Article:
An Air Canada Rouge flight made an emergency landing on September 17 after a pungent smell forced its way through the cabin. The odor was so strong that crew members had to wear oxygen masks.
Flight Global reports that flight 1566 was diverted during its journey to Montreal from Vancouver. After returning to Montreal Airport, the stench was discovered to be caused by durian fruit. A shipment of the exotic fruit was found in the forward cargo compartment. The potent nature of the fruit caused its scent to make its way to the main cabin.
As the odor of durian is unfamiliar to many people, the crew made a PAN-PAN call after ascending to 25,000ft. Native to Southeast Asia, the fruit is often talked about for its overpowering fragrance. The smell is often described to resemble rotten onions and raw sewage.
Unusual smells inside an aircraft can often indicate potentially dangerous operational faults. Earlier this summer, a Virgin Australia flight to Hong Kong made an emergency landing in Melbourne shortly after departing. This was due to a suspected fuel leak in the right engine.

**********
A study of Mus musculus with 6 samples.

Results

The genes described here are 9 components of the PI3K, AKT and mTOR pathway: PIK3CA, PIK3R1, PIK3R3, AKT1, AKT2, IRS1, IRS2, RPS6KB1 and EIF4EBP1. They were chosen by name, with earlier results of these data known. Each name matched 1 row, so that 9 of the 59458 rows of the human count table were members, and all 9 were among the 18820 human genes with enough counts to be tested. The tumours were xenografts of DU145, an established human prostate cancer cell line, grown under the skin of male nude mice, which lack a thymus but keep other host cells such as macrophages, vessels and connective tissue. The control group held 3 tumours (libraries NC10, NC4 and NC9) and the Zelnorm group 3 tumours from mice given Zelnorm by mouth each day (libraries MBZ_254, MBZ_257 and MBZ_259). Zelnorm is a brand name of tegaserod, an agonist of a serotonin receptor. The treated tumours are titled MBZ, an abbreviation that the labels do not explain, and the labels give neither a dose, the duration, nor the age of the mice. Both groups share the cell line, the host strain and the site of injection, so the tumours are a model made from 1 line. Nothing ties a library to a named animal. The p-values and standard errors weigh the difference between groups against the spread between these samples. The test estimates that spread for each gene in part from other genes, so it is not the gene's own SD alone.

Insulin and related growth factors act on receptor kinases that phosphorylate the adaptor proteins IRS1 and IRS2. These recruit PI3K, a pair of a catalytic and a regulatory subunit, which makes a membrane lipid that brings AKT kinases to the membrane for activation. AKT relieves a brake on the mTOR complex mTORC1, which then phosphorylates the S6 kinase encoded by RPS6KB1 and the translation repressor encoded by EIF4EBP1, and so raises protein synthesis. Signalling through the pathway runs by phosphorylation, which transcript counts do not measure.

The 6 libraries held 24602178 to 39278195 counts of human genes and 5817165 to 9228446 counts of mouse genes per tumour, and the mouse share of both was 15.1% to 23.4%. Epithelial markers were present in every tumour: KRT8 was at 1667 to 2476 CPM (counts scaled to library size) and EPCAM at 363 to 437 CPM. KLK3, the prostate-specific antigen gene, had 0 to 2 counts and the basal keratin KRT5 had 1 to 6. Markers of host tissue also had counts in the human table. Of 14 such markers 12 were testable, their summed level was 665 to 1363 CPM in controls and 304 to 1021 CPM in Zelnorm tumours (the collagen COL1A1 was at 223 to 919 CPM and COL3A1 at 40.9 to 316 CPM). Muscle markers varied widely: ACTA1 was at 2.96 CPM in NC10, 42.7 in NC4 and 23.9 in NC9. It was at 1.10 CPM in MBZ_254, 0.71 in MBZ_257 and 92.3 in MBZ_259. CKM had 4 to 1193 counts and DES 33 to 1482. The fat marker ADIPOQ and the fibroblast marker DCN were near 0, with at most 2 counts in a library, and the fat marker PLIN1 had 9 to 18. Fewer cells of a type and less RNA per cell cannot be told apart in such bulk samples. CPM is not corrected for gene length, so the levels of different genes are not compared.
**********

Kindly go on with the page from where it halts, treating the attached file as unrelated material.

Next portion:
This was followed by a diverted Air China flight between Washington Dulles and Beijing last month. The airliner was forced to make an emergency landing after a fire was spotted in the number one engine.
Fortunately, there was no leak or any other critical emergency for the Air Canada crew to worry about. Subsequently, all 245 passengers and eight crew members on the Boeing 767-300ER continued with no injuries.
This isn’t the first time that durian has caused an airliner to emergency land. In November 2018, CNN reported that a shipment of durian caused a Sriwijaya Air flight to be temporarily grounded after passengers complained about an overwhelming smell. The aircraft diverted while on its way to Jakarta from Bengkulu in Indonesia. It was carrying two tons of the product.
Despite this event, Air Canada has seen considerable growth in the last few years and is continuing to expand. The Canadian flag carrier is set to launch a new route that will connect Airbus’ branches in Canada and France.
This service will launch in June 2020 and will help link the manufacturer’s Montreal and Toulouse hubs. Additionally, the airline announced that it will be launching a service directly to Bogota from Montreal. This route will also be in effect from June next year.
Simple Flying reached out to Air Canada for comment on the diversion but had not heard back prior to publication. We will update the article with any further information.
Have you had any experiences with diversions due to unusual incidents? Let us know your stories in the comment section.